Google’s Android operating system enjoys the largest share of the mobile device market. All the prominent mobile device manufacturers produce a variety of Android smartphones and tablets that appeal to consumers. Android smartphones and tablets are available in many sizes and are normally cheaper than Apple’s iPhone and iPad.
Android apps are developed with Java and the Google Android SDK. Eclipse is a popular IDE for Android app development and is available for free. Commercial IDEs such as Intellij IDEA from Jetbrains offer features that help the engineer in software development, unit testing and debugging apps.
Android apps can be tested on an Android smartphone or tablet without the developer registering with Google. When your app is ready to be listed in the Google Play store, you need to sign-up for an Android developer account by paying a one-time registration fee of $25.
The main advantages of developing apps for Android are:
- Android smartphones and tablets are popular in many countries and therefore, by developing for Android, your app can potentially be used by a number of users.
- Eclipse and other IDEs available for Android app development can run on either a PC or a Mac.
- When compared with Objective-C, Java is easier to learn and work with.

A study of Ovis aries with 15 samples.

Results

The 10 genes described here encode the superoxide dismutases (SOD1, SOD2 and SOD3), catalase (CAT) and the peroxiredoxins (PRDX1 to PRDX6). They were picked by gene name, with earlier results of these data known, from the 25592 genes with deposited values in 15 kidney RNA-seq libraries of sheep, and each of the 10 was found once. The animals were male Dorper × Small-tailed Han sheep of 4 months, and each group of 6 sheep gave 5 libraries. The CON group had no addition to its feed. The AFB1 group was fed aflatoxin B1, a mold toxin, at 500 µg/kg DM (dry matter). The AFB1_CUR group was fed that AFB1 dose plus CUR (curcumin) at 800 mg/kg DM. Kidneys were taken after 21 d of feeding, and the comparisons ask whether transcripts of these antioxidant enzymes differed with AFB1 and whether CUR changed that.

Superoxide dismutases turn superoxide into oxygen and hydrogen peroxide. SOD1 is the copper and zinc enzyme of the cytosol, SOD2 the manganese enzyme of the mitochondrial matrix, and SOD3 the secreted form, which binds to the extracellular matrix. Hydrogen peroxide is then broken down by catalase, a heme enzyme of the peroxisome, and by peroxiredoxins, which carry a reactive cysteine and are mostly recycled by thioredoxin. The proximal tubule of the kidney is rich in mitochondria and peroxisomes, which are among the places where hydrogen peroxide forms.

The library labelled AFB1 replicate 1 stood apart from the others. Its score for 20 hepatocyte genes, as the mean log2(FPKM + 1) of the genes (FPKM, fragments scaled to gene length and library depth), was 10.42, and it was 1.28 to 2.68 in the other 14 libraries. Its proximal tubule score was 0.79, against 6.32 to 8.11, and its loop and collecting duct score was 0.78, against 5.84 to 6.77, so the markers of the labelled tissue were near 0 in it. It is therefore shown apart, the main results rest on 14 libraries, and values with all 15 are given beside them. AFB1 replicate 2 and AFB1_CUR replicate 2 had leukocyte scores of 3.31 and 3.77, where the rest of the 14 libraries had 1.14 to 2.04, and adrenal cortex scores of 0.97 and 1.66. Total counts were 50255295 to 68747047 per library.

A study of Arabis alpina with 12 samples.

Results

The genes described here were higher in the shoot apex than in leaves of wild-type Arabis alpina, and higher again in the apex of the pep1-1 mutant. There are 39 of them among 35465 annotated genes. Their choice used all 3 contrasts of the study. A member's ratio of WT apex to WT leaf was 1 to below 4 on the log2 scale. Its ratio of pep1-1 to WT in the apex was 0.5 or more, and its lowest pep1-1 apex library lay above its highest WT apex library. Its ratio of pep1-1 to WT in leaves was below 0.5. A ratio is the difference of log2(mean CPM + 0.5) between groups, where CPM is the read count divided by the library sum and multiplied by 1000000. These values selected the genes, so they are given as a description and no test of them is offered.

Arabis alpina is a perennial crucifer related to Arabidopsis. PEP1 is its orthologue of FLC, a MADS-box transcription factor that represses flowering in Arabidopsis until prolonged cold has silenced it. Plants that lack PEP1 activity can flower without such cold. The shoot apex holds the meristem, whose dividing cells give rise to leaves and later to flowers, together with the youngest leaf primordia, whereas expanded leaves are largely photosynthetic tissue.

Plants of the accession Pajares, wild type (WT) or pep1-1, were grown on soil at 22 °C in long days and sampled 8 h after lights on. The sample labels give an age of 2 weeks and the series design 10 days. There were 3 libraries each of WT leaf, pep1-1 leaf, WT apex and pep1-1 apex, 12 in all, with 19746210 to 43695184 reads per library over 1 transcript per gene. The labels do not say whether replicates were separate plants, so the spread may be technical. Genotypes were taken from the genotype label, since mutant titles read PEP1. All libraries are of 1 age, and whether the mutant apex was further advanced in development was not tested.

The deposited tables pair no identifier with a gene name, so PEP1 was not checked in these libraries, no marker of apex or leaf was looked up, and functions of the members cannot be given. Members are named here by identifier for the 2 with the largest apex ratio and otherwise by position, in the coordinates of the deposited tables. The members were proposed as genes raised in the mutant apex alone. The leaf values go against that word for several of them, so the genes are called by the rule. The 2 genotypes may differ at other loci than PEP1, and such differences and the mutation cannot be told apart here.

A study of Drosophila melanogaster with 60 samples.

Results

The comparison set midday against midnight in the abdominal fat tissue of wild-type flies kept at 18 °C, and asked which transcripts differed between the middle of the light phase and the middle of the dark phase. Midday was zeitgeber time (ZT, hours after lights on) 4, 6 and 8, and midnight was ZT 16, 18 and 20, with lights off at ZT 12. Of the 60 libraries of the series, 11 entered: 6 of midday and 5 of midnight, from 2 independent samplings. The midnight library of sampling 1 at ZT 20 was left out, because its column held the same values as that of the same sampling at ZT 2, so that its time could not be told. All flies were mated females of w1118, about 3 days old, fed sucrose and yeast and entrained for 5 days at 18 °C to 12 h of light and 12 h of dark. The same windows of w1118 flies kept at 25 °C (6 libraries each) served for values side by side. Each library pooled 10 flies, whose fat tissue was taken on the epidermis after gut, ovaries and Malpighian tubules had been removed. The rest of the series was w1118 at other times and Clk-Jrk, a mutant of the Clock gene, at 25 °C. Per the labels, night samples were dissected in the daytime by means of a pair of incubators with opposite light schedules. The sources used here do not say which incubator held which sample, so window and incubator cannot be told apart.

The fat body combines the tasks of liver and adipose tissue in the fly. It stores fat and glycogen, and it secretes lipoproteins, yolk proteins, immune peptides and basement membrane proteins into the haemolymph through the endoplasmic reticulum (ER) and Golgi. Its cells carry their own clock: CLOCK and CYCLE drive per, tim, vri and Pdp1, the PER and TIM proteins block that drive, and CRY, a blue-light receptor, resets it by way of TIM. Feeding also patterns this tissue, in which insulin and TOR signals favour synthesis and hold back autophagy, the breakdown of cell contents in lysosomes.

The main disadvantages of developing apps for Android are:
- Since Google does not control the hardware specification of Android smartphones and tablets, there is huge fragmentation of the form factor, processor power, memory, and storage space in a device. Developers need to acquire multiple devices to test their apps before releasing them on Google Play store.
- Piracy of Android apps is a major problem that Google has found hard to tackle. Although piracy exists with iOS apps, it is harder to pirate iOS apps since it requires jailbreaking an Apple device (Jailbreaking is the process of removing the limitation of running iOS apps distributed via the app store). An Android device is easier to jailbreak and therefore, piracy of Android apps is widespread.
- Although Eclipse is freely available, bug fixes and features are added to releases at a slower pace compared Apple’s Xcode and Microsoft’s Visual Studio.